Federal Court Blocks Human Stem Cell Research

United States District Court Judge Royce Lamberth has issued an order that is a serious blow to those of us who have advocated the expanded federal funding of embryonic stem cell research. Lamberth issued a preliminary injunction to stop all such funding under the new Obama policy.

The issuance of such a preliminary injunction is significant since the underlying standard requires the court to have a likelihood of ultimately prevailing on the merits. Lamberth found that the policy presumptively violated federal law banning the use of federal funds to destroy human embryos since “(Embryonic stem cell) research is clearly research in which an embryo is destroyed.”

President Bill Clinton signed a law that prohibited the destruction of human stem cells. Lamberth rejected the distinction of the Administration between work that leads to the destruction of embryos and the financing of work using stem cells created through embryonic destruction: “If one step or ‘piece of research’ of an E.S.C. research project results in the destruction of an embryo, the entire project is precluded from receiving federal funding.”

Various Christian groups supported the lawsuit against the National Institute of Health.

The most direct response to this ruling would be to reconsider the existing law to allow for this needed research to move forward. I have written previously on the dire need for such research (here and here).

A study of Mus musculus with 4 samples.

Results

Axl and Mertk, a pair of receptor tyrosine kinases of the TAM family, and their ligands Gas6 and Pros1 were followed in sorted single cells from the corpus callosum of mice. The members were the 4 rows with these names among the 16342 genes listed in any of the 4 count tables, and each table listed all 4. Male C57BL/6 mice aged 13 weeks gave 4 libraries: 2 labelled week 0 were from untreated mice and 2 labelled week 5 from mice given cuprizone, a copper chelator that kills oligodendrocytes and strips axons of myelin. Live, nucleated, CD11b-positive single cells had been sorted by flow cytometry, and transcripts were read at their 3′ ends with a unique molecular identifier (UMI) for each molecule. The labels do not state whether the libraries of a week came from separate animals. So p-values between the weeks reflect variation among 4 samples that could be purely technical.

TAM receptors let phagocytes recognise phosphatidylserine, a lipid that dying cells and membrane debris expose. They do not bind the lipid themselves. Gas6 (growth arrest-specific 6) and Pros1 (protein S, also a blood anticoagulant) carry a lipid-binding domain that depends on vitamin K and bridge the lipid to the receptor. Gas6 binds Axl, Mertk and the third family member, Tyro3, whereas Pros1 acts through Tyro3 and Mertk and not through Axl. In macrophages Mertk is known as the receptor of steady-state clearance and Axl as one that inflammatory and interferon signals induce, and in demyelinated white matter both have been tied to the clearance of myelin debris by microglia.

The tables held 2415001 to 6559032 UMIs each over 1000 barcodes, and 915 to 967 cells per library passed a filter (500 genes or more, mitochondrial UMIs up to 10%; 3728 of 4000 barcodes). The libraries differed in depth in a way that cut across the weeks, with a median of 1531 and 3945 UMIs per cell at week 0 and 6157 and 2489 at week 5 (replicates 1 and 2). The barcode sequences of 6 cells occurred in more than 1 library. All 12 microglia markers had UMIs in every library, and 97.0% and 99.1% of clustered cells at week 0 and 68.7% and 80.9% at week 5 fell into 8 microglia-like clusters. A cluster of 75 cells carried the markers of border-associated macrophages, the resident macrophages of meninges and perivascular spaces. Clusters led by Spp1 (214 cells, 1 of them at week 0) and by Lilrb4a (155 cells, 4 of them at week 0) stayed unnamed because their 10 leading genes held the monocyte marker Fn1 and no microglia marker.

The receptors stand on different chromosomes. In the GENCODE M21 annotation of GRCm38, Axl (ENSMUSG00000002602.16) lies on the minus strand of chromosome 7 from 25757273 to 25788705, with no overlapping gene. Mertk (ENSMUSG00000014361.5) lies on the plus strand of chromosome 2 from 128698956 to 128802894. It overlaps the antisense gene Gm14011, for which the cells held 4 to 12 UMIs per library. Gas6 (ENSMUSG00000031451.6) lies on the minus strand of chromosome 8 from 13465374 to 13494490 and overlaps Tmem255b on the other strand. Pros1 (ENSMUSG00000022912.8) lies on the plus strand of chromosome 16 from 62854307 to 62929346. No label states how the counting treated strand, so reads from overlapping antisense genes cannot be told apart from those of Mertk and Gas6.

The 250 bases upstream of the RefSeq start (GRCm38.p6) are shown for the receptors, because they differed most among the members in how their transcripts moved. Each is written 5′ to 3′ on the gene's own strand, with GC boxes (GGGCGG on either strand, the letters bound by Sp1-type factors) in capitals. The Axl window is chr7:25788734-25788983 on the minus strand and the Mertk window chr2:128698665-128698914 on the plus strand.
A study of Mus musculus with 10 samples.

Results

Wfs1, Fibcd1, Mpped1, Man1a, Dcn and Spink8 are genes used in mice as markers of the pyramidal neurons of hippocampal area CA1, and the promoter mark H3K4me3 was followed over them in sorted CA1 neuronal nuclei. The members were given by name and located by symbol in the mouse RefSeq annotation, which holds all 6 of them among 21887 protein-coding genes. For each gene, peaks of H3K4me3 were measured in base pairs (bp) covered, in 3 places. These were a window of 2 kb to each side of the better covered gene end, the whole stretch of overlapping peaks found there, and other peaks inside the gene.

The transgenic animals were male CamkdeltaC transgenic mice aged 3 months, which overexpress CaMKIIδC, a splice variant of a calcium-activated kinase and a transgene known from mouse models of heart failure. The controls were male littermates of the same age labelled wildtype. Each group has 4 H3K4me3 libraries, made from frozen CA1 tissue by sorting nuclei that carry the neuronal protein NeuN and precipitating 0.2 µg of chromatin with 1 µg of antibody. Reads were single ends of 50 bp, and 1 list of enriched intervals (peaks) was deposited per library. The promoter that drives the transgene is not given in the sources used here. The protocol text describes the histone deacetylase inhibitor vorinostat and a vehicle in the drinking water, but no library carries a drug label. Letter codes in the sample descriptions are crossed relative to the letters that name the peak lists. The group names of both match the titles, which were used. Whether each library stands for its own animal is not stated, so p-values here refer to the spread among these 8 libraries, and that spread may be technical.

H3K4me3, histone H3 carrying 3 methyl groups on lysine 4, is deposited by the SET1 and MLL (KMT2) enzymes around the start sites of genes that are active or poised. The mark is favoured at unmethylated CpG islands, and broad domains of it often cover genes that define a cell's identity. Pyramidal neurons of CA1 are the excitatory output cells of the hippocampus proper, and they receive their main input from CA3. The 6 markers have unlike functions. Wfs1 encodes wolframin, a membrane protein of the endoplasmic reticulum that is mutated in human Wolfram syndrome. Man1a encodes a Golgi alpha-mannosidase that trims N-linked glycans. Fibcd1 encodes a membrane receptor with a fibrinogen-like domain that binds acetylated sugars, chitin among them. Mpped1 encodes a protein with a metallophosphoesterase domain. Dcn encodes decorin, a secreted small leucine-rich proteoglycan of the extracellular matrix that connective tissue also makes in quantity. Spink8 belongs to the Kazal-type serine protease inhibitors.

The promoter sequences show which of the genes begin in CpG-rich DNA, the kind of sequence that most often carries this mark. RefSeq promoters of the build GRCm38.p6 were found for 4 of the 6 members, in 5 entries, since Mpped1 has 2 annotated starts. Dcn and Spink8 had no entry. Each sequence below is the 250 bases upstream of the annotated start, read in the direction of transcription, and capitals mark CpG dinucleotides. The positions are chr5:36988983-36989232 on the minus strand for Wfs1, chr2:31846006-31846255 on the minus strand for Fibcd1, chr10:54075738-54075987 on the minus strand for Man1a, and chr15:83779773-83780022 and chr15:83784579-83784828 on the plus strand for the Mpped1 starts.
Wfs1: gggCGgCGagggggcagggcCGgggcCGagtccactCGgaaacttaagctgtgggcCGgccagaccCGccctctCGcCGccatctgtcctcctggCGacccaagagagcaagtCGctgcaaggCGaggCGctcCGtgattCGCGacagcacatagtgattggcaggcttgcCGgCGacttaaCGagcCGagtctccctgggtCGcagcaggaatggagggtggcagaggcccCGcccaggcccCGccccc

Source: New York Times

17 thoughts on “Federal Court Blocks Human Stem Cell Research”

  1. Buckeye,

    Not to speak for mespo, but believe it or not, that is part of a judge’s job description. Can they make up law whole cloth? No. That’s the legislature’s job in creating statutory law. But judges can rule a law as applied prime facie unconstitutional, too vague for proper enforcement or incapable of enforcement as written for other reasons. When a judge does this, nothing prevents the legislature from revising the law to either comply with the state or federal constitutional violation in question or reword the law to remove any conflict or confusion in administration. This is part and parcel of the common law/case law system and the concept of stare decisis. If the legislature fails to act, then the precedent stands.

  2. mespo

    You think the judge and not the lawmakers should fix a bad law? Are we talking about the USA?

  3. Sounds like the judge made a sound decision to me. There is a law prohibiting funding of such things with tax dollars. Obama’s EO can’t supersede law. Hence, the injunction.

    While I disagree that such research is necessary, the correct procedure would be as Prof. Turley says, get the law changed if you can and desire the federal funding of ESC.

  4. buckeye:

    [Allowing]Bad law makes good judges look bad too cowardly to fix it.

  5. My father died of Parkinson’s disease that likely could have been cured with stem cell therapy. It is hard to fathom how these people value a single cell more than a real, breathing, human life.

  6. The only worry that I have on appeal is what would happen if the Supremes got to decide this issue? That scares me.

  7. Mespo,

    The most interesting one prohibits further exploration of the ocean for fear of upsetting Jörmungandr thereby inadvertently bringing about Ragnarok.

  8. So it is against the law to “kill” an embryo but it’s fine to put this alleged “life” into a freezer and freeze it like a vegetable until someone decides it is needed. Does this make sense?

  9. I heard a footnote in the ruling orders lead to turn to gold, the CIA to determine how many angels can stand on the head of a pin, and resurrects Ponce de León to find both the Fountain of Youth and Big Foot. Myth and delusion on holiday!!